New Jersey dominated the market yesterday with $1.8 billion of refunding bonds, priced at a top interest rate of 6.15%, while secondary prices were mixed.
The New Jersey issue is the second largest long-term issue ever sold and the largest refunding issue, according to Securities Data Co.
The largest deal ever sold was $2 billion New Jersey Turnpike Authority bonds, marketed on Nov. 14, 1985.
Until now, the largest refunding was $1.62 billion of New Jersey Turnpike Authority refunding revenue bonds sold Nov. 22, 1991.
A 27-member syndicate led by Lazard Freres & Co. as senior manager priced, repriced, and boosted the size of the New Jersey issue.
At the repricing, the amount was raised to $1.8 billion from $1.6 billion. Yields were lowered by two basis points in 2006 and 2008 and by three basis points in 2011. Zero coupon bond yields were lowered by one basis point in 2007, by three basis points in 2008, and by five basis points in 2009.
Robert E. Poll Jr., partner and manager of the firm's municipal bond department, estimated the issue was oversubscribed top to bottom at least two or three times.
"We saw a broad response with institutions in the longer end and middle maturities and more retail support on the front end," he said. "It's the last substantial issue of the year, and that's part of the reason we got the response we did. People really did save up for this one, it was highly visible and that allowed us to accomplish this at this late date."
Away from the primary sector, secondary traders said the market would not be weighted down significantly by the issue.
"There is and will be a lot of investor demand and once everybody realizes it has come and gone, they will breath a sigh of relief," a trader said. "It's the last big issue for a while, and the market should be able to do better once it works this deal off."
New Jersey officials said late yesterday that the deal went "as well as any GO sale in recent years."
Robert Lurie, director of public finance for the state, said in terms of present-value savings, "the deal will save New Jersey residents over $30 million."
"We received broad support from retail and institutional investors," Lurie said. "Because of that support, we were able to achieve the lowest rates for a New Jersey GO sale since 1976."
He said the decision to include a detachable call option on the 2013 maturity was made "at the last minute, when it became clear there was broad-based interest at that level."
Lurie added that orders for the call options came from an array of "sophisticated investors interested in hedging interest rate risk."
He cited mutual funds, insurance companies, and, "large and diversified" Wall Street investment firms interested in the call option portion of the refunding.
"There's little to complain about with this deal."
The final reoffering scale included serial bonds priced to yield from 4.30% in 1996 to 6.15% in 2013. Serials from 1996 through 2007 and 2011 are non-callable.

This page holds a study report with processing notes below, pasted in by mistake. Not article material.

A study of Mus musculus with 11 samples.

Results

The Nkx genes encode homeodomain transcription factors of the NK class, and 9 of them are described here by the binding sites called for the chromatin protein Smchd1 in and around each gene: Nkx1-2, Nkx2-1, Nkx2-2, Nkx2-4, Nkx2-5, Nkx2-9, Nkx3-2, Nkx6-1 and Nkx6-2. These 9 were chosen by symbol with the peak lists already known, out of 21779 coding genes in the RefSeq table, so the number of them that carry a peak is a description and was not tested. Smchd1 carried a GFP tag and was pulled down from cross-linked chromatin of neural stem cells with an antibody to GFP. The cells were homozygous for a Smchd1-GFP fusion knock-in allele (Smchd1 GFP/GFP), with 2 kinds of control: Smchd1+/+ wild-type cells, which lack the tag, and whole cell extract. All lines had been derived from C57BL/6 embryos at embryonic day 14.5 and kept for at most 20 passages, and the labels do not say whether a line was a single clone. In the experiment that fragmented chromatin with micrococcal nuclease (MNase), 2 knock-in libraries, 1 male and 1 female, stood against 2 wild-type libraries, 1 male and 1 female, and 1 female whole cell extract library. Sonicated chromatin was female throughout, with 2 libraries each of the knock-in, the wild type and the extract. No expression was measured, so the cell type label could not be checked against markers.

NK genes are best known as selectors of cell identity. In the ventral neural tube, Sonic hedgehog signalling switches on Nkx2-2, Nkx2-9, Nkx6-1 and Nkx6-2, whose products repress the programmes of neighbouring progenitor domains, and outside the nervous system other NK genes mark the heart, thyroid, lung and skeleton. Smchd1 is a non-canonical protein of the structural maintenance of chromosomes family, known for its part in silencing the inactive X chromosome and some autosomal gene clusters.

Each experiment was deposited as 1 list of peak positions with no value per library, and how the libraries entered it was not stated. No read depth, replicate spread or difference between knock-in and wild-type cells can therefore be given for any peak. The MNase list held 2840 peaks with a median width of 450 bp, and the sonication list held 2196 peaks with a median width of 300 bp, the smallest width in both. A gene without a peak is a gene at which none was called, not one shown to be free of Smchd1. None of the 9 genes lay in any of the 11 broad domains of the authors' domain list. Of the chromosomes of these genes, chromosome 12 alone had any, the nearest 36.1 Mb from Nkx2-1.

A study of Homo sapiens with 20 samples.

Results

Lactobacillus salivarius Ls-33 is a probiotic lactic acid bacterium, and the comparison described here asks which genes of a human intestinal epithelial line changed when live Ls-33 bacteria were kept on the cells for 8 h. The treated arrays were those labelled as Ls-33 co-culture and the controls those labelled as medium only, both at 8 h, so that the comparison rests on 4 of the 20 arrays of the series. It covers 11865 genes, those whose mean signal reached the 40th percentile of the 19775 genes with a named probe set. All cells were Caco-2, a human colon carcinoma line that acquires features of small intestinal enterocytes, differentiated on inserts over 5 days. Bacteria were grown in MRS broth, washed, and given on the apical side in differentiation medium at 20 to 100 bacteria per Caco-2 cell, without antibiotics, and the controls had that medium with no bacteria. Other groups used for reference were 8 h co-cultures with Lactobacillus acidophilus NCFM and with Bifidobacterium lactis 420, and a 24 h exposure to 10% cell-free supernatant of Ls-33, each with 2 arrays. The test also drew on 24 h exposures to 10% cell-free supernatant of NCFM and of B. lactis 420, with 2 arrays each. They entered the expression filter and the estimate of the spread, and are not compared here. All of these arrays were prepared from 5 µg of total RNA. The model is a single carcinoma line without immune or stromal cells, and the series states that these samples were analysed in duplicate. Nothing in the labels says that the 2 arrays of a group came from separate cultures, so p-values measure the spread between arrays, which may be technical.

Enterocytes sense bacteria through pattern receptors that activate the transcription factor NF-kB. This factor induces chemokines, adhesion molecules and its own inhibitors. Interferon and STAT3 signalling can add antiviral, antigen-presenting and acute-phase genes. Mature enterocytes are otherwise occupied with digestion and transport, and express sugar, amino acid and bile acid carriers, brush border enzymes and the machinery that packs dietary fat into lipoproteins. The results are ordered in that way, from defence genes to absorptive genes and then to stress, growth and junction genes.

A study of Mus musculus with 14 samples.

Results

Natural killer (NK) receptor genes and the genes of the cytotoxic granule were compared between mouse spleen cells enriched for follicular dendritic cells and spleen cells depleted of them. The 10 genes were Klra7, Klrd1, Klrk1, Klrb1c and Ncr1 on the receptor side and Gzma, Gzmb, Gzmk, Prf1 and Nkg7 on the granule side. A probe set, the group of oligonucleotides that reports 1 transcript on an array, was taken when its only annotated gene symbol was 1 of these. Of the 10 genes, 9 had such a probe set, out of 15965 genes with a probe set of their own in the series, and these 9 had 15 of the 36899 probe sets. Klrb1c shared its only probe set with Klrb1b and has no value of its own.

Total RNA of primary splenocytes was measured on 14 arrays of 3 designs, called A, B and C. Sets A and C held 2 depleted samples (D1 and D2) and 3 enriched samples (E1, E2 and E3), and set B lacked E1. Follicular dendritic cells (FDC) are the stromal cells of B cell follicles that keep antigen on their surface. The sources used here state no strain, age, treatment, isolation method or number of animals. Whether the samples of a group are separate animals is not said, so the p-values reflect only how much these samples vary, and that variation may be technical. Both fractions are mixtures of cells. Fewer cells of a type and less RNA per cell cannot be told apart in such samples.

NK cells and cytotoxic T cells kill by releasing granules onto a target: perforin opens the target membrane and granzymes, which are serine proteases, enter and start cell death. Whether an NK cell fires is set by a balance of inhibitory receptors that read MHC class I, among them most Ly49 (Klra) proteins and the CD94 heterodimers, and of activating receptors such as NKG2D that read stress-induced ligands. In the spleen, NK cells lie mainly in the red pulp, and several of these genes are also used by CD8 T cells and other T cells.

The bulk of the loan was distributed in five different maturities:
The 2001 serial contained $119 million of the loan and was priced as 5 1/4s to yield 5.40%; the 2005 serial contained $112 million and was priced as 5 5/8s to yield 5.80%; and the 2006 maturity contained $113 million of the loan and was priced as 5 3/4s to yield 5.88%. The 2008 serial contained $109 million and was priced as 5.90s to yield 6.03% and the 2010 serial contained $124 million and was priced as 6s to yield 6.125%.
About $68 million of the loan was priced with a detachable call option in 2013. Buyers paid 10 basis points to own the call option.
Finally, non-callable capital appreciation bonds were priced to yield from 5.85% in 2002 to 6.30% in 2009.
The issue is rated Aa 1 by Moody's Investors Service, AA-plus by Standard & Poor's Corp., and AA-plus by Fitch Investors Service.
In other action, Merrill Lynch & Co. priced and repriced $147 million of New York State Dormitory Authority revenue bonds for the state university educational facilities.
At the repricing, yields were lowered by five basis points from 2006 to 2008.
Serial bonds were priced to yield from 4% in 1994 to 6.50% in 2009. A 2014 term was priced as 6 3/8s to yield 6.549%: a 2017 term was priced as 6 1/4s to yield 6.602%; and a 2022 term was priced as 6s to yield 6.60%.
The issue is rated Baa 1 by Moody's and BBB-plus by Standard & Poor's.
Goldman, Sachs & Co. priced $107 million Indiana Municipal Power Agency Power Supply System refunding revenue bonds.
The offering included serials bonds priced to yield from 3.25% in 1994 to 6.15% in 2007. A 2013 term was priced as 6 1/8s to yield 6.23%, a 2019 term was priced as 6 1/8s to yield 6.35%, and a 2023 were quoted at 5 1/2s to yield 6.30%.
The bonds are insured by Municipal Bond Investors Assurance Corp. and are triple-A rated by Moody's and Standard & Poor's.
Stifel, Nicolaus & Co. priced $87 million McGee Creek, Okla., Authority water revenue bonds.
The offering included serial bonds priced to yield from 2.75% in 1993 to 6.15% in 2008. A 2012 term was priced as 6s to yield 6.25% and a 2022 term was priced as 6s to yield 6.30%.
The bonds are insured by the Municipal Bond Investors Assurance Corp. and are rated triple-A by Moody's and Standard & Poor's.
Traders said secondary activity was again minimal and prices were narrowly mixed. The market took economic data in stride, content to focus on new issues or sit on the sidelines ahead of the holidays.
In the debt futures market, the March municipal contract settled up 6/32, to 96.15.
Players did report some institutional selling, while The Blue List of dealer inventory rose $101 million to $1.86 billion.
In secondary dollar bond trading, prices were mixed on the day.